Involve your vet in parasite control


Iowa State University research has shown that parasite control can return as much as $201 per head due to better health, improved weight gains and reproductive efficiency. Dedrickson says a good deworming program typically can improve calf weaning weights by 25 pounds – worth close to $50 in today’s market – for a treatment cost of about a penny per pound or $5 for a 500-pound calf.

Longrange (eprinomectrin )is a broad-spectrum injectable dewormer that provides 100 to 150 days of control with a single dose, depending on the parasite species. It also is a prescription product, meaning producers interested in using it will need to involve their veterinarians. Regardless of which products a producer ends up using, that relationship should help ensure proper timing and targeted treatment, resulting in better parasite control, better cattle performance and less risk of parasites developing resistance to dewormers.

Resistance among worm species affecting cattle has not become a widespread problem, but veterinarians and parasitologists have become concerned as some resistant populations have turned up, particularly in the case of Cooperia species of intestinal worms. Resistance to dewormers can occur when a small number of worms survive the treatment and go on to reproduce, passing their genetic ability to resist the product on to their offspring. Over time, a population of resistant worms could develop. Insufficient dosage of a product, resulting in lower efficacy and survival of more worms, could contribute to the development of resistance.

Dedrickson says the Longrange product provides an initial peak of activity at treatment, with some of the dewormer reserved in a gel matrix for later release into the animal’s bloodstream. Levels of the product in the animal’s bloodstream decline somewhat over 100 days following treatment, but remain well above the minimum level for efficacy. A second peak occurs at about 100 days as the gel matrix dissolves and releases more of the active ingredient into the bloodstream. At the end of the treatment period, levels of the product in the animals drops to near zero quickly, within two to eight days, meaning just a short period when dosage levels are below that needed to kill the majority of worms.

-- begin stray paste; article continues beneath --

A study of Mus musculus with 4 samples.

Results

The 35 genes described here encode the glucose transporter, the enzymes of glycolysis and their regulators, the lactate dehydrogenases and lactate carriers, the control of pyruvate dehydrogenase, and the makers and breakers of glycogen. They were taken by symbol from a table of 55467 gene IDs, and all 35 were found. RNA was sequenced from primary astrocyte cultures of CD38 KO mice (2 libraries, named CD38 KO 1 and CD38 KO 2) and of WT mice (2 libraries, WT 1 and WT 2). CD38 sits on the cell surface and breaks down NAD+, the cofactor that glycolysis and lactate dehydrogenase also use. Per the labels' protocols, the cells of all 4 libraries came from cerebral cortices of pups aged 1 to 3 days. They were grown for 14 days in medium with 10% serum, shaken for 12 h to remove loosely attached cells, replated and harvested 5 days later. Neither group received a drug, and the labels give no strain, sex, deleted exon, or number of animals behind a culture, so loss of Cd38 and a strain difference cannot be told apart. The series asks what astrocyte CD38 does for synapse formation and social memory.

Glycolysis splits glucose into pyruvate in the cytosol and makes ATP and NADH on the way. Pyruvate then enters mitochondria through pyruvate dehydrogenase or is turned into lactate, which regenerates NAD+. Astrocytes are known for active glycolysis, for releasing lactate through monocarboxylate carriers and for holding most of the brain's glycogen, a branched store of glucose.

Timing is an important consideration in spring deworming. Dedrickson says that in most cases, about 10 percent of the worms on a ranch are in the animals while 90 percent are on the pastures. Worms that overwintered on pastures move up from the ground onto forage plants during March and April in the South — later further north — when temperatures average higher than 50 degrees. Treating too early, before worms become active in pastures, can mean cattle become re-infected soon after treatment, unless the deworming product has residual activity to extend through the infective period. With that in mind, strategic-deworming recommendations typically involve treating in late spring, after cattle have harvested the worms.

Treatment reduces the number of eggs cattle shed onto pastures in their manure, but multiple treatments can be needed to keep cattle from becoming re-infected by worms already present in the pasture. An extended-release product, Dedrickson says, can eliminate the need for multiple treatments and should help break the lifecycle of worms, resulting in cleaner pastures.

In any case, a conversation with your veterinarian can help you plan and implement a program that provides the most cost-effective parasite control over the long term.

 

 


The West  |  February, 14, 2013 at 10:53 AM

Get your veterinarian involve so you can get Mercked (Merialed, this time) again when they make Longrange OTC!!!!